Women constitute nearly half of the country's 1.25 billion people and gender equality -- whether in politics, economics, education or health -- is still a distant dream for most. This fact was driven home again sharply by the recently released United National Development Programme’s Human Development Report (HDR) 2015 which ranks India at a lowly 130 out of 155 countries in the Gender Inequality Index (GII). India trails behind most Asian countries, including lesser developed Bangladesh and Pakistan which rank 111 and 121 respectively, and fares not much ahead of war-ravaged Afghanistan at 152.
The link between women in climate change is a cross-cutting issue that deserves greater recognition at climate negotiations. It is pervasive, touching everything; from health and agriculture to sanitation and education.
53-year old Aleta Baun of Indonesia’s West Timor province is a proud climate warrior. From 1995 to 2005 she successfully led a citizens’ movement to shut down 4 large marble mining companies that polluted and damaged the ecosystem of a mountain her community considered sacred. After their closure in 2006, she became a conservationist and restored 15 hectares of degraded mountain land, reviving dozens of dried springs and resettling 6,000 people who were displaced by the mining.
Until September this year, Lissie Sunny was not a name known to the Indian public. All of this changed when this lean and dark woman, working for over a quarter century plucking tea leaves in the misty mountain slopes of southern India finally had enough and took on one of the most powerful tea companies in the world.
Times are a-changing for Bihar, a state popularly described as a state of mind. The recent elections have brought back Nitish Kumar as the chief minister for the fifth time. Since his first innings as a developmental CM from 2005, he has transformed Bihar from being an archetype of India’s backwardness to one of its fastest growing states. Besides improving governance, he has also politically empowered women in that benighted state. Not surprisingly, the women’s vote was decisive for his electoral success. He now has the historic opportunity to shift gears towards sustainable gender-based development.
Few dispute that women’s autonomy and betterment of their lives are moral imperatives. But whether these are also key to economic development is contested.
Women are having fewer than two children on average in 83 countries, representing nearly half of the world’s population. And in some countries, such as Germany, Italy, Japan, Poland, Singapore, South Korea and Spain, average fertility levels are now closer to one child per woman than the replacement level of about two children (Figure 1).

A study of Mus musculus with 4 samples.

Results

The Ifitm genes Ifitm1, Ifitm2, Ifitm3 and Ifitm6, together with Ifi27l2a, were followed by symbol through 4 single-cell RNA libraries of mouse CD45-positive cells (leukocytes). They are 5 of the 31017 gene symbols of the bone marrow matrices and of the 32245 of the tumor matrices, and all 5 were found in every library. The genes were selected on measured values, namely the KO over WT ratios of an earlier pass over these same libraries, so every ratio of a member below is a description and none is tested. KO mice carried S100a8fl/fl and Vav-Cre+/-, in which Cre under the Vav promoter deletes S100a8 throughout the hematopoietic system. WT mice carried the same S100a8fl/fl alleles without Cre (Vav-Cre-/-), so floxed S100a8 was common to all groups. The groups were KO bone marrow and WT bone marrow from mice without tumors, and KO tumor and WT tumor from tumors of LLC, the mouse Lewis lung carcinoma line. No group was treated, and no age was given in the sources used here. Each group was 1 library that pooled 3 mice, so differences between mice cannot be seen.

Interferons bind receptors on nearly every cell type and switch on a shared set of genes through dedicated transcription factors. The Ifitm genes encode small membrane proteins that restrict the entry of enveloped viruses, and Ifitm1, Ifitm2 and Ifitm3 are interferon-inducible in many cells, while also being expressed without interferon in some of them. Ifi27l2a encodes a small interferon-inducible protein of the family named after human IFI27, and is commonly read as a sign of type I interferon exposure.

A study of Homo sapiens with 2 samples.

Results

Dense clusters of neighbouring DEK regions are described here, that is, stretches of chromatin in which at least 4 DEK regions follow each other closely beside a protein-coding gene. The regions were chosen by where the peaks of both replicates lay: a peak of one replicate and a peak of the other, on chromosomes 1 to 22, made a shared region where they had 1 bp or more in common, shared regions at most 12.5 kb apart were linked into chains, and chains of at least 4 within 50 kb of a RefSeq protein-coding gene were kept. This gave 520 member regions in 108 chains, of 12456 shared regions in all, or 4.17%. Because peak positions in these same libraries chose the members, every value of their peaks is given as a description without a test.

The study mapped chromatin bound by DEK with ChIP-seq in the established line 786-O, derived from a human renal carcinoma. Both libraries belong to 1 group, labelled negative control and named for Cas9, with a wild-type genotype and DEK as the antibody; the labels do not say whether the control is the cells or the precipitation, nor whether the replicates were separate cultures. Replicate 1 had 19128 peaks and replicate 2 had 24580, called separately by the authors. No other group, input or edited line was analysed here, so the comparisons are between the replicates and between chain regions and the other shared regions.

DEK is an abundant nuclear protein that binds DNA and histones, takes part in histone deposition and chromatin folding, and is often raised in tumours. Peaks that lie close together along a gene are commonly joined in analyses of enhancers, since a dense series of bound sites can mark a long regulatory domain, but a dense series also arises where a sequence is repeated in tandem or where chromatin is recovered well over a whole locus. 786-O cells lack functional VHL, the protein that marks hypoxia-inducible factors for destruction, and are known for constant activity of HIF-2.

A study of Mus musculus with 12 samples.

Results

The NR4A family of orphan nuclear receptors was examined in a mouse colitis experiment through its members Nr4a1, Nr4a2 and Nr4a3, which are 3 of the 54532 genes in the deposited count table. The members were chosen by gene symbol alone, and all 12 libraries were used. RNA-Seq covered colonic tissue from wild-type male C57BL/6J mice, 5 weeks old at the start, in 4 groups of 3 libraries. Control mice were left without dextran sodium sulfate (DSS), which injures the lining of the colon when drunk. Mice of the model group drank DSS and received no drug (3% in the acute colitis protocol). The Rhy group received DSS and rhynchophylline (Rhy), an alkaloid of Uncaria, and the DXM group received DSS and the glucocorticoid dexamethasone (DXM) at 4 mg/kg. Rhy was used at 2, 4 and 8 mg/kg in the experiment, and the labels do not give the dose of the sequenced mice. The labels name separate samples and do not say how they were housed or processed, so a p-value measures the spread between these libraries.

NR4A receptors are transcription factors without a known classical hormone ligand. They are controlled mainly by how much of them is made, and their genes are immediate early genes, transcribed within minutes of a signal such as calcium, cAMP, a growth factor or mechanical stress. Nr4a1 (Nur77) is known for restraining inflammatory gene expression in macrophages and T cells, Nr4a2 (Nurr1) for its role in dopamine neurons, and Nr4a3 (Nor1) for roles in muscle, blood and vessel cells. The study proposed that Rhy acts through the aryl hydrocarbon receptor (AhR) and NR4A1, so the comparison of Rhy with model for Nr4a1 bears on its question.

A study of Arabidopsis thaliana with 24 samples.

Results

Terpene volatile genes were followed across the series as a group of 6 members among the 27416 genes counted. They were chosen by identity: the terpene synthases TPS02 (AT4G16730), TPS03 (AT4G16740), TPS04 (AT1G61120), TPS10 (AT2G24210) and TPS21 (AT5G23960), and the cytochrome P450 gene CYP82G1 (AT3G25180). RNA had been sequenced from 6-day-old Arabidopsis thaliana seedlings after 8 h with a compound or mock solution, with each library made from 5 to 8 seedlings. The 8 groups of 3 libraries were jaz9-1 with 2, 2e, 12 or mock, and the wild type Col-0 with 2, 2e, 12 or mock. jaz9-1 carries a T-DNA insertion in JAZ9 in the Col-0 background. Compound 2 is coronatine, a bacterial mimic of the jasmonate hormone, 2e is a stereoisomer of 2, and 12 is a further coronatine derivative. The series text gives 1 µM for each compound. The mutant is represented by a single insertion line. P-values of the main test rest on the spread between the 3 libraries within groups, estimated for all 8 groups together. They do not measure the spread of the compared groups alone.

For many women in Mandera County – a hard to reach, insecure and arid part of North Eastern Kenya – the story of life from childhood to adulthood is one about sheer pain and struggle for survival.
Increasingly gender equality, rooted in human rights, is recognized both as a key development goal on its own and as a vital means to helping accelerate sustainable development. And while the field of gender has expanded exponentially over the years, with programmes focused exclusively on women and girls and greater mainstreaming of gender into many development activities, a range of challenges remain.
After surviving the storm surge wreaked by Typhoon Haiyan in the Philippines in November 2013, women in evacuation centres found themselves again fighting for survival … at times from rape. Many became victims of human trafficking while many more did anything they could to feed their families before themselves.
After a one-day summit in the U.S. Arctic’s biggest city, leaders from the world’s northern countries acknowledged that climate change is seriously disrupting the Arctic ecosystem, yet left without committing themselves to serious action to fight the negative impacts of global warming.
Bar Seed is the only female member in Somaliland’s 82-person Parliament, but activists hope upcoming national elections may end her isolation.
After years of a protracted battle against Uganda’s “bride price” practice, the country’s Supreme Court this week ruled that husbands can no longer demand that it be returned in the event of dissolution of a customary marriage but has stopped short of declaring the practice itself unconstitutional.
Hillary Thompson, aged 62, throws some grains of left-over rice from his last meal, mixed with some beer dregs from his sorghum brew, into a swimming pool that he has converted into a fish pond.
Ten women are gathered to discuss how to transmit Sahrawi culture and tradition to the younger generations. As usual, it´s a secret meeting. There is no other way in the capital of Western Sahara.